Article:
OK, so via Romenesko we now know that White House press secretary Tony Snow has now told Editor and Publisher that the New York Times won't have its press credentials taken away, as National Review has demanded. Nor do many commentators appear to think Alberto Gonzalez is likely to "prosecute" the Times, because it could be politically difficult at best for the White House.
So this is kind of strange, then. Both Snow and Dick Cheney have explicitly said that the Times has put the nation's security at risk -- and presumably they think the paper continues to do so, since it won't back off its right to publish such stories. Yet by all indications the administration is unlikely to take any real action against the paper, mainly because it could be politically disastrous for Bush.
That leaves only two possibilities. Either:
1) Officials won't act aggressively against an institution they're claiming puts American lives at risk, because it's politically untenable. That would mean the administration is putting politics ahead of aggressively prosecuting behavior it says endangers American lives.
2) The administration doesn't genuinely believe The Times has put our national security at risk at all, and hence won't act. If this is the case, both Snow and Cheney blatantly and repeatedly lied.
So there you have it. Either the administration is putting politics ahead of national security and won't act aggressively against an institution it says is endangering American lives -- because it would be bad for Bush. Or the administration's claim that The Times endangered national security is just the latest in a long string of lies it has told to the American people. Which is it?
My money is squarely on number two. This isn't about protecting American lives at all. If the White House really thought publication of this story could put lives at risk, don't you think President Bush would have made a personal appeal to Bill Keller not to publish, as he did before the paper broke the NSA wiretapping story a few months ago? That doesn't appear to have happened in this case.
No, this assault is about scapegoating, pure and simple. Desperate to deflect attention from its disastrous international performance, unable to convince Americans that things are improving in Iraq no matter how hard it spins, the administration now is embarrassingly trying to shift the blame on to something the GOP base regards as the most prominent symbol of liberal elitism in the land. This is a cheap stunt. The administration doesn't think the paper's endangering national security, and it's not going to genuinely go after the paper, either. This is just bluster for the boneheads -- end of story.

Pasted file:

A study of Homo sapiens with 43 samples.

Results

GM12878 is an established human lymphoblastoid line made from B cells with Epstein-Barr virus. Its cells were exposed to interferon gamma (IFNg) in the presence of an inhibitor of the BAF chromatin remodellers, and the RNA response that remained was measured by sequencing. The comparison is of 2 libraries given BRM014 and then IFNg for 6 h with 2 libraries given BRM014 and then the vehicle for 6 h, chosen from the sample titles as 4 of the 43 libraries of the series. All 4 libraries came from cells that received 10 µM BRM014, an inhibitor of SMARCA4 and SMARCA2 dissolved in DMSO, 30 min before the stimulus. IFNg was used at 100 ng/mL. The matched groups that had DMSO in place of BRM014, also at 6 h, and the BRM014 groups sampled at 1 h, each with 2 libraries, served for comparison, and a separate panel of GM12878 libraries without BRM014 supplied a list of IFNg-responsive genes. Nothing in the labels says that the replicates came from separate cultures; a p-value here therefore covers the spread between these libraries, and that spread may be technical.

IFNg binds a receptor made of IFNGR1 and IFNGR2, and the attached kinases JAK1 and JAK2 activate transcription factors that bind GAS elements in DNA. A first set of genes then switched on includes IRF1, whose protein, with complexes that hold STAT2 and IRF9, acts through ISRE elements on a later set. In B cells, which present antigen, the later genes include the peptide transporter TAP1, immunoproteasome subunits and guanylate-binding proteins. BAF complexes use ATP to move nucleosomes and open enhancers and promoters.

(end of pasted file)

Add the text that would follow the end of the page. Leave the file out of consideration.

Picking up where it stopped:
Incidentally, the fact that the White House is engaging in such rank scapegoating is one reason the administration has focused its attack on the Times, even though other media published the story, too. An attack on several news outlets by name might have smacked of a broader assault on the media, and that might have made people at other news orgs get their backs up a bit. Scapegoating requires the selection of a single target, the singling out of one from the herd so the rest of the herd doesn't feel it has a stake in the battle's outcome. And it appears to be working. As both Duncan Black and Matthew Yglesias have noted, now that the Times has basically been isolated in the sights of the White House and the battle joined by others on the right, other journalism outlets have unwittingly helped legitimize this assault on one of their own by cheerfully letting the ridiculous assertions of pro-administration commentators -- such as the charge that the Times committed treason -- find a comfortable place in the mainstream conversation.
Luckily this attack is pure bunkum and will end with a fizzle in a few days. But with this kind of official behavior slowly gaining legitimacy, doesn't the possibility grow that the next one might be for real?
Adapted from a post at The Horse's Mouth, and slightly edited from original.